Wednesday, 20 February, 2019

More Than a Third of American Adults Eat Fast Food Daily

More Than a Third of American Adults Eat Fast Food Daily More Than a Third of American Adults Eat Fast Food Daily
Melissa Porter | 05 October, 2018, 17:11

Almost 37 percent of American adults ate fast food on any given day between 2013 and 2016, according to a new CDC data brief.

New survey data from the Centers for Disease Control and Prevention show that 36.6 percent of us eat some kind of fast food on any given day.

On average, adults in the USA consumed 11.3% of their total daily calories from fast food between 2007 and 2010, according to a National Center for Health Statistics data brief published in 2013. That's about 85 million people.

On a given day, 36.6 percent of American adults will consume fast food, and that percentage only rises with higher income brackets.

The study found that as people got older they tended to eat less junk food. Released Wednesday, the report compares the percentage of fast-food eating adults for demographic characteristics such as age, race and income level between the years 2013 and 2016. Her team tracked data from in-person government surveys conducted with thousands of USA adults between 2013 and 2016. Men tended to eat more fast food than women, Fryar's group said.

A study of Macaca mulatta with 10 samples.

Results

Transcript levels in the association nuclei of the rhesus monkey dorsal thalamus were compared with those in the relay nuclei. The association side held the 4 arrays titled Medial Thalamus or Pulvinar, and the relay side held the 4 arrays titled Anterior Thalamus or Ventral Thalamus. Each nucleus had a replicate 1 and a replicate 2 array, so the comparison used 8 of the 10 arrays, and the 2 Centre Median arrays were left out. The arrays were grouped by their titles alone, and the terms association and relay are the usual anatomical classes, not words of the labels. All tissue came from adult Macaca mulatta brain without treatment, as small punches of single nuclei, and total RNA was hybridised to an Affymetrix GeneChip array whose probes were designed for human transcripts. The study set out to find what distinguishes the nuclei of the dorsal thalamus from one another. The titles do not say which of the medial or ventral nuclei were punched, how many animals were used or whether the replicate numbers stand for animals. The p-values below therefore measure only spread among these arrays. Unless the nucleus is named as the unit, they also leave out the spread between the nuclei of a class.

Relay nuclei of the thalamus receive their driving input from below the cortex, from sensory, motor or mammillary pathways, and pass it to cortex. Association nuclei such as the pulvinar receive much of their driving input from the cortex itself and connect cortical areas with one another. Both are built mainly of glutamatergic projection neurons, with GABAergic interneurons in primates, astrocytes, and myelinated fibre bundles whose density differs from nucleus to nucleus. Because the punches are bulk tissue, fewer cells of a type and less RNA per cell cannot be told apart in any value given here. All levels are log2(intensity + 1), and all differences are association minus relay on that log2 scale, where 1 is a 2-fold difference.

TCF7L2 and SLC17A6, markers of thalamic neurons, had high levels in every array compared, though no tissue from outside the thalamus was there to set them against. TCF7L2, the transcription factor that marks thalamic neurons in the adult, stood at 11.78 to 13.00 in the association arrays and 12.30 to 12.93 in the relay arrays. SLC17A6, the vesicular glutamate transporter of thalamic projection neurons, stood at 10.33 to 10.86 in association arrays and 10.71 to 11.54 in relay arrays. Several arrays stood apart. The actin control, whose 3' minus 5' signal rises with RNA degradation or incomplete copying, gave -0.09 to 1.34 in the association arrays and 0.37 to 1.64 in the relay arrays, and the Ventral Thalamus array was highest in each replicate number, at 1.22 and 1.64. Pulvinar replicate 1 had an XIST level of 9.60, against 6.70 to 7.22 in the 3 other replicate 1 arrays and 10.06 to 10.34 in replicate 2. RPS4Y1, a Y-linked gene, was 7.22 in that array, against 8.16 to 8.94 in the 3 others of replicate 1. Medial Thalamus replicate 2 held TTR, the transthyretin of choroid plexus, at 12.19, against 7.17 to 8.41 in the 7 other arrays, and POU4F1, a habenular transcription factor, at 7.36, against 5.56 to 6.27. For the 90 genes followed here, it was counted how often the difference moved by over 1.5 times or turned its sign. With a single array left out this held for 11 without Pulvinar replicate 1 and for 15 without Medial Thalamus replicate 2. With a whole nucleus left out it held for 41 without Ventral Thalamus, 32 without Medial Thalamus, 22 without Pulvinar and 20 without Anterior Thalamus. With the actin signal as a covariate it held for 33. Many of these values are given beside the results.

Blacks were more likely to have eaten fast food on a given day than whites (roughly 42 percent vs. 38 percent, respectively), while 35.5 percent of Hispanics and 31 percent of Asian-Americans did so.

'These people probably grew up with fast food, and they're not cooking as much, setting themselves up for conditions like obesity and type 2 diabetes, ' she told Daily Mail Online.

According to the findings, the more money someone had, the more they were likely to eat fast food.

Fast food consumption also varied by sex.

"There is no reason to completely avoid fast food, but it shouldn't be consumed regularly", she said.

Contrary to popular belief, the study showed fast food consumption is actually higher among in wealthy families. The most common meal for fast food intake was lunch (43.7 percent), followed by dinner (42.0 percent), then breakfast (22.8 percent) and snacks (22.6 percent).

Though it does take two to conceive, and often to parent, women at least make more of an effort to cut out fast food.

Between 2013 and 2016, some 37 per cent of adults said they'd consumed fast food in the past 24 hours.

"When we see news clips of a shark swimming near a beach, it scares us into not going near that beach", Weinandy said.

By now, you might be wondering what it would take for Americans to dial back their addiction to fast food.

She believes that policymakers, doctors and health food advocates need to "beat fast food companies at their own game" in order to turn things around.

"We do know that fast food advertising has gone up during that time by pretty large amounts".